Panel Discussion: Sustainable Transportation + Increased Density at DCS Design Summit - Wells + Associates

Panel Discussion: Sustainable Transportation + Increased Density at DCS Design Summit

Is there an opportunity to harness reductions in peak hour auto traffic to foster the development of more sustainable real estate projects? Our 2022 study in Fairfax County, Virginia concluded that developers across the U.S. can now make a strong case for why traffic congestion concerns should not be an impediment to the approval of higher density developments.

A few of our team members were pleased to join DCS Design’s Sustainability Summit to discuss this evolution of transportation, density, parking, and real estate development.  

The session titled “Sustainable Transportation + Increased Density = Walkable Communities” included the following speakers:  

Justin Schor started the panel off as moderator by acknowledging that “the #1 reason that people oppose high density development in their communities istraffic congestion. 

“The #1 reason that people oppose high density development in their communities istraffic congestion.Justin Schor (Wells + Associates)

The Wells + Associates study in Fairfax County revealed that higher density combined with the management of the demand for single-occupancy vehicles (SOV) leads to more sustainable, walkable communities. The demand for SOVs can be reduced when communities leverage permitting and rezoning processes to require new developments to provide TDM solutions.  

The benefits of creating and implementing TDM plans include:  

  • Increasing revenue via increased density, greater flexibility with land uses, and less stringent setbacks 
  • Reducing costs via minimized parking construction costs, road capacity enhancements, reduced need for traffic signals, among other methods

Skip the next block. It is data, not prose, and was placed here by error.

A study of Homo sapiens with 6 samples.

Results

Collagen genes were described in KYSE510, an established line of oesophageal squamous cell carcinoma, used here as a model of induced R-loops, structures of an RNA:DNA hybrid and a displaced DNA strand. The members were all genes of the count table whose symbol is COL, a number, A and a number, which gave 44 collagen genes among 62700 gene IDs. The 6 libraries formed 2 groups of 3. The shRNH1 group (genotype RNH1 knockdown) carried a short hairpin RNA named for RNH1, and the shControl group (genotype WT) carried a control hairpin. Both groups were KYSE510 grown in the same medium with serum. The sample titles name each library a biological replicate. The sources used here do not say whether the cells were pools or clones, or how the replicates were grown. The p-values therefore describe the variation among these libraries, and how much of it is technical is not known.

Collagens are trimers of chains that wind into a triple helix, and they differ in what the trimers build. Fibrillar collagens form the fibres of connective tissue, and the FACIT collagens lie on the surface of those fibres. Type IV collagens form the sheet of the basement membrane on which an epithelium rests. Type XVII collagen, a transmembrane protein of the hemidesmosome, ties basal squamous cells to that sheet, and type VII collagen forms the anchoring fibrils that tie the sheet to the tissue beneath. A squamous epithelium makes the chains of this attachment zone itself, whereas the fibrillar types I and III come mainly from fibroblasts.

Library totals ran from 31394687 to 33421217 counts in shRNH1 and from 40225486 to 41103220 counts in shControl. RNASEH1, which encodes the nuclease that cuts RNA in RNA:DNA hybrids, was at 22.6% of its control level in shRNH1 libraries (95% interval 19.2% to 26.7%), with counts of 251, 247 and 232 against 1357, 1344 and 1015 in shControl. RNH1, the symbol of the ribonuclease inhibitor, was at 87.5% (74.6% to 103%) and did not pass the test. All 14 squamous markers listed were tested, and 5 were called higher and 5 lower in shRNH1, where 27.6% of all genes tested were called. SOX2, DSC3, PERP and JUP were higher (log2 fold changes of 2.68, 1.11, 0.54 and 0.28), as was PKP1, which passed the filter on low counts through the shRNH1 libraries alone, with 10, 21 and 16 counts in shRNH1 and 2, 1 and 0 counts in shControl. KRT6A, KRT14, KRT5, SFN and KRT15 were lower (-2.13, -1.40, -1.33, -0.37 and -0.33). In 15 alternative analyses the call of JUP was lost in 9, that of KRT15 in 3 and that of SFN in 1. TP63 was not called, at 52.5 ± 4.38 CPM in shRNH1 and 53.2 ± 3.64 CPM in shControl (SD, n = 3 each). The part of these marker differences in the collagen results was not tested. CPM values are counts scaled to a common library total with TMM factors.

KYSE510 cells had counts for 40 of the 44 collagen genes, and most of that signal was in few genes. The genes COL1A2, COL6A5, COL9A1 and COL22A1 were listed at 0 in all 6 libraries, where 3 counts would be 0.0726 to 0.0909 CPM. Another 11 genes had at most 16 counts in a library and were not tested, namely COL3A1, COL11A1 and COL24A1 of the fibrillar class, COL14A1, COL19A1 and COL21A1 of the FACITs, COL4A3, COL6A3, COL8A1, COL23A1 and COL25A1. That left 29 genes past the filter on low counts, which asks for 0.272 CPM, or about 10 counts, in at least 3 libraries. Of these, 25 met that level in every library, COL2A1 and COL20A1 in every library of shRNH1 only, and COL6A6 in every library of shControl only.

A result of these programs has meant that communities can leverage long-term and sustained measurements of reductions in traffic impact to push for more density than is currently allowed.

The panelists explored a range of issues, including:  

Traffic Engineering in Higher Density Developments:

Within the discipline of traffic engineering, Wells + Associates has coordinated with Fairfax County staff to restructure how we look at traffic impact studies. 

“In Fairfax County, we now call them ‘comprehensive transportation analysis (CTA)’ studies where it’s not just looking at vehicles but at pedestrians and bicycles, getting away from making more turn lanes and how we can better connect residents to transit and their appointment centers.”Kevin Fellin 

TDM, Trip Reductions, and Travel Behavior Change:  

Reducing peak hour traffic congestion requires that some individuals we would expect to drive cars shift to either drive them during off-peak hours or use a more sustainable non-auto mode of transportation.

“Changing travel behavior habits to minimize traffic impacts involves a multifaceted approach. You have to consider the characteristics of the building, the users, as well as the surrounding infrastructure. There are a few proven strategies that can be helpful, including transportation demand management, which involves managing, reducing, and redistributing the demand during peak hours.”Courtney Menjivar (Wells + Associates)

Land Use Policy Allowing for Higher Density Developments:  

Although the data show that we should be able to build more density without negatively impacting traffic congestion on the local road network, the local land use policies need to allow for that additional density for it to become a reality.

“Ultimately, land use policy is a political process. Fairfax County has been very forward thinking and has relied on policy as a way of setting priorities but also being flexible on how they are implemented.” – Sara V. Mariska (Odin Feldman Pittleman) on Land Use Policy

Civil Engineering in Higher-Density Developments:  

Traffic congestion is not the only form of infrastructure that can be impacted by higher density. Civil engineers look at other forms of infrastructure like sewage, storm water, tree canopy, and open space.

“As engineers, we understand what it takes to create the functional space and advocate for density that accommodates infrastructure that can sustain growth and development in the long term. We also look for opportunities to build up and not out, to free up some of that space for green infrastructure.” – Andrea Crossett (LandDesign)

You can watch the complete session from the DCS Design Sustainability Conference below.